Sukey Jones hangs some artwork from Mexico included in the Day of the Dead exhibit at the Prescott Center for the Arts gallery. (Jason Wheeler/The Daily Courier)
Originally published October 12, 2017 at 06:00a.m.
Updated October 16, 2017 at 06:42a.m.
For the past five years, the Prescott Center for the Arts gallery has been doing a Day of the Dead art exhibit, receiving artwork from Mexico but this is the first year that local art has been sent back.
“Last year, for the first time in Caborca, they had their first Day of the Dead exhibit in the Casa de Cultura. Seeing that, I realized we can send our stuff down there too,” said PCA Art Gallery Curator Sukey Jones. “Now, they do have an exhibit space and where they’re doing it for Day of the Dead, I thought ‘we have their stuff here, this should be an exchange.”
Normally, the gallery usually gets four or five pieces, this year there were 11 and 14 or 16 local pieces were sent to Caborca, Jones said. It’s a collaboration between Prescott-Caborca Sister Cities, Caborca-Prescott Sister Cities and Prescott Center for the Arts, she said. Jones explained in a prior email that she is on the board of the Prescott-Caborca Sister City Committee.
The exhibit began Monday, Oct. 2, and will continue through Thursday, Nov. 2, with participation in the Fourth Friday Art Walk on Friday, Oct. 27, from 5 to 8 p.m. and a Sugar Skull Workshop on Saturday, Oct. 28, from noon to 4 p.m.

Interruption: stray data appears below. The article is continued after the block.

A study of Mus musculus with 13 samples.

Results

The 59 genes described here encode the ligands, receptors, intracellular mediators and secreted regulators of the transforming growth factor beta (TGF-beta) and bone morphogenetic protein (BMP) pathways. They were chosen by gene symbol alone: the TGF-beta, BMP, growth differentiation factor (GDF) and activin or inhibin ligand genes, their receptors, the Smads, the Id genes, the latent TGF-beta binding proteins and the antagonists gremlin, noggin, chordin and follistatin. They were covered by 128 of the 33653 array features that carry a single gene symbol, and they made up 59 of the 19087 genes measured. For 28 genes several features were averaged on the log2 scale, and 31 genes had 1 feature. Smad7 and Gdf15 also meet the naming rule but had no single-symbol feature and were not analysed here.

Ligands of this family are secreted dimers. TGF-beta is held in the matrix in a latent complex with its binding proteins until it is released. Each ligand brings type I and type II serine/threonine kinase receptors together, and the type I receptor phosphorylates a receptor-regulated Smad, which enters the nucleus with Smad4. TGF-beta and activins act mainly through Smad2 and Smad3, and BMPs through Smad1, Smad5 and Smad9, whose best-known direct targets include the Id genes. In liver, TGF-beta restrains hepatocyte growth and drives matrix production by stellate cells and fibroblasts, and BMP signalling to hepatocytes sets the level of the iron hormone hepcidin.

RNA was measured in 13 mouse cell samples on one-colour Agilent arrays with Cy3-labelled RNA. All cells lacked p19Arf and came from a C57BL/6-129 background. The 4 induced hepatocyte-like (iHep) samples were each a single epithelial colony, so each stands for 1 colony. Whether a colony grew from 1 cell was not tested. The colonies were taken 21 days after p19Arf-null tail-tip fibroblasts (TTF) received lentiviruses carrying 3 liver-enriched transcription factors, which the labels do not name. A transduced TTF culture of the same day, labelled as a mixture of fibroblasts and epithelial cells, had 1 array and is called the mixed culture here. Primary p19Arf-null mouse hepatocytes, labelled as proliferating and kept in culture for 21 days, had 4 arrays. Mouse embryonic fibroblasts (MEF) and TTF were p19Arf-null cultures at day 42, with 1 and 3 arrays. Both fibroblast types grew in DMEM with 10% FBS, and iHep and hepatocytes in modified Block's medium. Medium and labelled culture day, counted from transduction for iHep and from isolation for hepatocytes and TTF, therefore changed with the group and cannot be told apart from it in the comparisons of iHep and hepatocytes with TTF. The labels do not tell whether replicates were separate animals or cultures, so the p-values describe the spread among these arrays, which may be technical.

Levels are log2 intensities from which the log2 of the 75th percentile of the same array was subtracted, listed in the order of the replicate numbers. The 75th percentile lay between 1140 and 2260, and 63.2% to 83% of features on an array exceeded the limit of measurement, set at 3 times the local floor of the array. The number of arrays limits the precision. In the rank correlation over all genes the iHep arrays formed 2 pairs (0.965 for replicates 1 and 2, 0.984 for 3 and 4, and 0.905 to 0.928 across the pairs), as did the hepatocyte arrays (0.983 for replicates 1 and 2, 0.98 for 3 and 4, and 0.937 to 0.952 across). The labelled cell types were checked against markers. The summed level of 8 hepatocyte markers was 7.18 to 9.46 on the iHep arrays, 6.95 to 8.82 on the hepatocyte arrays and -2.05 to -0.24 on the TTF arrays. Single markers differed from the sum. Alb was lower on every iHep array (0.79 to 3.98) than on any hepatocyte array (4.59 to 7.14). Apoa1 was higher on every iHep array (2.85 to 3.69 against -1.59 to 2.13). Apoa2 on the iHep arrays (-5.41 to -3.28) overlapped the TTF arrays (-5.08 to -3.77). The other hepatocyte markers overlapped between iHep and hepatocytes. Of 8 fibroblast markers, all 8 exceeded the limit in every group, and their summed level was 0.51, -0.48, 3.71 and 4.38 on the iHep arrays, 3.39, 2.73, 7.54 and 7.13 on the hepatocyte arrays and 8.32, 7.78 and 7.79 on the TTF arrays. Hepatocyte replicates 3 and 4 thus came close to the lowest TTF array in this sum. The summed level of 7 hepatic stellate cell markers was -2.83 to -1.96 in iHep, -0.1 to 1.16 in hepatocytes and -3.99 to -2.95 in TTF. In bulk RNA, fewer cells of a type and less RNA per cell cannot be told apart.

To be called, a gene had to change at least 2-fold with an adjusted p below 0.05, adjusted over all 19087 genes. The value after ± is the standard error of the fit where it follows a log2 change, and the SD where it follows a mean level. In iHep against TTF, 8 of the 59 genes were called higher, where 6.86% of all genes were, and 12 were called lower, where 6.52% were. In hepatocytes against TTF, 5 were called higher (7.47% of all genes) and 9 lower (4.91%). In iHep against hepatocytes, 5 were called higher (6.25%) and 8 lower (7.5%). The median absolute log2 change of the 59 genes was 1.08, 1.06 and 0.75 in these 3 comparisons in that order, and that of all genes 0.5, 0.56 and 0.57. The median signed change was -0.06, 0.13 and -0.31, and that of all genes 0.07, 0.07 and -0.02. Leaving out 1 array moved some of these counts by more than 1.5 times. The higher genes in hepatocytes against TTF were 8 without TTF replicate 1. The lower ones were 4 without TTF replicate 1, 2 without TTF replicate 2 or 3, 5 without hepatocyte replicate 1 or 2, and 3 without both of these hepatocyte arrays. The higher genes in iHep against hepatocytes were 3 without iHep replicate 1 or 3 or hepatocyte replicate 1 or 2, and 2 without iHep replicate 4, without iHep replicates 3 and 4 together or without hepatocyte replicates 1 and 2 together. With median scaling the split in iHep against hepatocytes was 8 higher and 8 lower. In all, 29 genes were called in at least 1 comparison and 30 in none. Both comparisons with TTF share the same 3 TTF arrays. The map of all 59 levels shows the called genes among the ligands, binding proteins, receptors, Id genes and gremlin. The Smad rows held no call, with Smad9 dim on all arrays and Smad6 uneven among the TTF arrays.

There is enjoyment in being able to present artists from Caborca and expose their work out of the country and share some culture, especially with Day of the Dead being so important in Mexican culture, said Mario León Felix, president of Caborca-Prescott Sister Cities. In Mexico, the celebration of Day of the Dead is very different from how other countries view it, Felix said. It’s all about seeing the other side with a special look, he said.
“We try to be a little bit funny for the dark side and the other part is, I think, it’s because we respect and we like to bring the memories back about our people,” Felix said. “So this is part of our celebration.”
This is opposed to the way death is viewed in many western cultures, Jones said. Instead of getting morbid, it’s seen as a part of life and a part of the cycle of life, she said. In celebrating death, life is celebrated, Jones said.
The art gallery is open Monday from 11 a.m. to 3 p.m., Tuesday through Saturday from 10 a.m. to 3 p.m. and Sunday from noon to 4 p.m. Prescott Center for the Arts is located at 208 N. Marina St. and can be reached at 928-445-3286 and found online at www.pca-az.net.